The Wandering Jew — Complete eBook

This eBook from the Gutenberg Project consists of approximately 1,953 pages of information about The Wandering Jew — Complete.

“You must take off your flannel waistcoat, and your shirt, father.”  Rodin hesitated an instant, and the doctor resumed:  “It is absolutely necessary, father.”

Aided by Baleinier, Rodin obeyed, whilst the doctor added, no doubt to spare his modesty:  “We shall only require the chest, right and left, my dear father.”

And now, Rodin, stretched upon his back, with his dirty night-cap still on his head, exposed the upper part of a livid trunk, or rather, the bony cage of a skeleton, for the shadows of the ribs and cartilages encircled the skin with deep, black lines.  As for the arms, they resembled bones twisted with cord and covered with tanned parchment.

“Come, M. Rousselet, the apparatus!” said Baleinier.

Then addressing the three Jesuits, he added:  “Please draw near, gentlemen; what you have to do is very simple, as you will see.”

It was indeed very simple.  The doctor gave to each of his four assistants a sort of little steel tripod about two inches in diameter and three in height; the circular centre of this tripod was filled with cotton; the instrument was held in the left hand by means of a wooden handle.  In the right hand each assistant held a small tin tube about eighteen inches long; at one end was a mouthpiece to receive the lips of the operator, and the other spread out so as to form a cover to the little tripod.  These preparations had nothing alarming in them.  Father d’Aigrigny and the prelate, who looked on from a little distance, could not understand how this operation should be so painful.  They soon understood it.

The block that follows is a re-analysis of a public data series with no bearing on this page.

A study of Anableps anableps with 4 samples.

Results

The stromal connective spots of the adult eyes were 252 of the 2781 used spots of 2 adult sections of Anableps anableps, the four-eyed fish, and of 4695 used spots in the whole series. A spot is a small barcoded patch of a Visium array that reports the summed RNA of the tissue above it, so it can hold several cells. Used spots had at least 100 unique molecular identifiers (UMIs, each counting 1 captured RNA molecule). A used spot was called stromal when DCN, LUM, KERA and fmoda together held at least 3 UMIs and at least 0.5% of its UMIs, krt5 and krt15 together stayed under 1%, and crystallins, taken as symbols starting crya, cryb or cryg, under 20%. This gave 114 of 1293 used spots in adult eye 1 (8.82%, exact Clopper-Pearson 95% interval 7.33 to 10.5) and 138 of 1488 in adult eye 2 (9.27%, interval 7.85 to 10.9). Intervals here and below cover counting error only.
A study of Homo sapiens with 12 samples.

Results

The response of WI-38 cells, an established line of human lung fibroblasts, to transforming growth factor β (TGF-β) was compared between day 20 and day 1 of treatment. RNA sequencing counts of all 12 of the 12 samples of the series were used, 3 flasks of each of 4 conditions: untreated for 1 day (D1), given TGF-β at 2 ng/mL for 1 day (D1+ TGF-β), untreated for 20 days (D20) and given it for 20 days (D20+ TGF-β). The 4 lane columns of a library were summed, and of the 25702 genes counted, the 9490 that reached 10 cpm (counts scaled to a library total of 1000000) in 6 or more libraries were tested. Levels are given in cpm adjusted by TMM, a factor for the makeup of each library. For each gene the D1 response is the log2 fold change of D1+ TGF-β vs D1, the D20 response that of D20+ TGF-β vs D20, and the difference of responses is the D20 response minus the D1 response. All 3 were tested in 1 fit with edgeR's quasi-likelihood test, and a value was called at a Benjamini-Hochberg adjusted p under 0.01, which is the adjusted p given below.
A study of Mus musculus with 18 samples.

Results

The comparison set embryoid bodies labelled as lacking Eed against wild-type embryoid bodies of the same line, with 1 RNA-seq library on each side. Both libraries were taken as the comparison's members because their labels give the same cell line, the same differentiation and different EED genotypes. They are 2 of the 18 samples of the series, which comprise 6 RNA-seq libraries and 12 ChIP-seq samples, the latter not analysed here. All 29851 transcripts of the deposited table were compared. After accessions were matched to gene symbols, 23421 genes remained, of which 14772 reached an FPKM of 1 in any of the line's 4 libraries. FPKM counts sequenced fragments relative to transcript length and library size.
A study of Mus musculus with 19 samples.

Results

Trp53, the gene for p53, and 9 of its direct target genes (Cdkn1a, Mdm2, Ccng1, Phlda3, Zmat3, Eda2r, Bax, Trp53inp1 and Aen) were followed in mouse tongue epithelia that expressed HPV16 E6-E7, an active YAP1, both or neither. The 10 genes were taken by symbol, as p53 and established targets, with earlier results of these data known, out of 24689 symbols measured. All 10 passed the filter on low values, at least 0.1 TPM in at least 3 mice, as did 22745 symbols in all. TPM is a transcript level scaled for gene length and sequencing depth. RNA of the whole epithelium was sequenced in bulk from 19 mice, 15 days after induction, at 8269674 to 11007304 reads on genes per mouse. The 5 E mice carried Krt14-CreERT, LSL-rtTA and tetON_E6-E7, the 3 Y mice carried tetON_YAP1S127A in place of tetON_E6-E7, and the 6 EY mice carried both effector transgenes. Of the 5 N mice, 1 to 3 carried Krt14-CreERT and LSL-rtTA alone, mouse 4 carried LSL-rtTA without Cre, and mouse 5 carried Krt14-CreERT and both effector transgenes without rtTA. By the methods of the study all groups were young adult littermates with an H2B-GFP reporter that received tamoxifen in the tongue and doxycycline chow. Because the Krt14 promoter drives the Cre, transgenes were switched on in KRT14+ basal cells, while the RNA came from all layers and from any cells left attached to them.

Dr. Baleinier, having thus provided his four assistants, made them approach Rodin, whose bed had been rolled into the middle of the room.  Two of them were placed on one side, two on the other.

“Now, gentlemen,” said Dr. Baleinier, “set light to the cotton; place the lighted part on the skin of his reverence, by means of the tripod which contains the wick; cover the tripod with the broad part of the tube, and then blow through the other end to keep up the fire.  It is very simple, as you see.”

It was, in fact, full of the most patriarchal and primitive ingenuity.  Four lighted cotton rocks, so disposed as to burn very slowly, were applied to the two sides of Rodin’s chest.  This is vulgarly called the moxa.  The trick is done, when the whole thickness of the skin has been burnt slowly through.  It lasts seven or eight minutes.  They say that an amputation is nothing to it.  Rodin had watched the preparations with intrepid curiosity.  But, at the first touch of the four fires, he writhed like a serpent, without being able to utter a cry.  Even the expression of pain was denied him.  The four assistants being disturbed by, the sudden start of Rodin, it was necessary to begin again.

“Courage, my dear father! offer these sufferings to the Lord!” said Dr. Baleinier, in a sanctified tone.  “I told you the operation would be very painful; but then it is salutary in proportion.  Come; you that have shown such decisive resolution, do not fail at the last movement!”